Friday, January 13, 2012

Kids Make Coconut Cake

It tastes as good as it looks

By Ed Bruske

aka The Slow Cook

Coconut cake is a tradition in southern parts of the United States, but it also reminds us that somewhere in the world it's warmer, even when the snow flies here.

Traditional coconut cake calls for at least two layers. That presented a bit of a problem for our baking classes, since a whole cake made according to the original recipe would have been far more than we could have eaten. I talked about this with my wife, the baking expert in our family, and we decided to cut the recipe in half, but use a smaller, taller cake pan so that we could cut the finished cake in half and still end up with two layers. So instead of baking in two standard 9-inch pans, we chose a single 6-inch pan that's 3 inches tall.

The only problem with this approach is that it throws the cooking time off a bit. The taller cake takes somewhat longer to cook all the way through the middle. After a bit of experimentation, we came up with an ideal cooking time of 58 minutes in a 350-degree oven. I also placed a sheet of aluminum foil over the cake when there was about 10 minutes left on the clock to prevent the top from browning too much.

The result is just a teensy bit of crustiness around the edges of this cake. But no one notices when the cake is finally frosted. And the finished cake is just the right size for a class of 12 kids, and more than enough for the typical family. Otherwise, you can simply double this recipe and go back to making two layers in separate 9-inch pans.

Start by creaming together 1 1/2 sticks butter (16 tablespoons) and 1 cup sugar. Most people would do this in an electric mixer, but we do everything by hand. I make it easier by allowing the butter to come to room temperature and soften overnight. After incorporating the sugar into the butter, beat at least five minutes with the back of a wooden spoon or a firm rubber spatula until the mix is fluffy and lighter in color. Then, beat in 3 eggs, one at a time, as well as 3/4 teaspoon vanilla extract and 3/4 teaspoon almond extract. At this point, the mix will look like scrambled eggs but smell more like marzipan.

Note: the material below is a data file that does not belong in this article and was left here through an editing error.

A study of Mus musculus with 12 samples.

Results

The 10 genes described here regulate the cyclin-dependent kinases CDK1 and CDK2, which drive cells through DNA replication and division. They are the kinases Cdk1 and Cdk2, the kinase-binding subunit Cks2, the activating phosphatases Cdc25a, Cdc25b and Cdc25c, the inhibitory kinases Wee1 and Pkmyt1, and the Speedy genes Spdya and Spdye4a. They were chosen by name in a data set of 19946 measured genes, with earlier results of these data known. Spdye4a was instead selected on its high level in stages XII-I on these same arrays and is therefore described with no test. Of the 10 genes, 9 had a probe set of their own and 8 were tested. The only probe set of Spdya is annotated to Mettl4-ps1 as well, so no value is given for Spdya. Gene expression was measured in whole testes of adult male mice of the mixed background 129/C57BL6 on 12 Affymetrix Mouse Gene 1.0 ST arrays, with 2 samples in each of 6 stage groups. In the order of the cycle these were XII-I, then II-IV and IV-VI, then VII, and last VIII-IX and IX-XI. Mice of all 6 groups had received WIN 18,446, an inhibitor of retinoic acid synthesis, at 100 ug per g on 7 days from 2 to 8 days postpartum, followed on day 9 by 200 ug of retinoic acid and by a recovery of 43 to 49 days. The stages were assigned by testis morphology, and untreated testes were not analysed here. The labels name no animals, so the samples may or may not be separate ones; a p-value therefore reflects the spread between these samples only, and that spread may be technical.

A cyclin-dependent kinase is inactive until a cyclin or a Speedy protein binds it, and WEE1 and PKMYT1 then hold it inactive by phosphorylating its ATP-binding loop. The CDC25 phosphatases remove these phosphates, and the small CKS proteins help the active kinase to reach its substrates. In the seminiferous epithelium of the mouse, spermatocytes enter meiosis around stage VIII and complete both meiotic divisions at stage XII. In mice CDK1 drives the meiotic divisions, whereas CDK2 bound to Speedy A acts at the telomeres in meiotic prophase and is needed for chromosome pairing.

Creaming butter and sugar

Meanwhile, in a separate bowl, sift together 1 1/2 cups all-purpose flour along with 1/2 teaspoon baking powder, 1/4 teaspoon baking soda and 1/2 teaspoon salt. Fold about 1/2 cup of the flour mix into the batter, followed by 1/4 cup milk, then another 1/2 cup flour mix and another 1/4 cup milk. Finally, fold in the remaining flour mix until it is just incorporated. Stir in 2 ounces shredded, sweetened coconut.

Prepare your can pan (or pans) by greasing well with butter or oil spray. We also cut a piece of parchment paper to fit into the bottom of the pan and gave it a spray of oil as well. Scoop the batter into the pan and tap it hard on your work surface to smooth it out. Place in the middle of a 350-degree oven and bake 58 minutes, or until a toothpick inserted into the middle of the cake comes out clean.

Allow the cake to cool for 20 minutes in the pan. Then use a sharp knife to trace around the edge of the pan. Invert the pan to remove the cake and place it on a wire rack at least an hour to cool. If making a smaller, taller cake as we did, slice the cake cross-wise to create two layers.

Cutting parchment paper

For the frosting, cream together 1 stick butter and 1 8-ounce package cream cheese. As I did for the cake, I left the butter and cream cheese out overnight to soften. Creaming them together with a rubber spatula is easy at that point. Add 3/8 teaspoon vanilla extract and a dash of almost extract. Stir well, then work 1/2 pound sifted confectioner's sugar into the mix and stir until very smooth.

Spread frosting over one of the cake layers, top with the second layer and spread the frosting all over the top and sides. Sprinkle the top of the cake liberally with shredded coconut and pat more coconut along the sides.

Hard as this may be to believe, some kids don't like coconut. But the ones who do will love you for making this cake. (So will your adult friends.)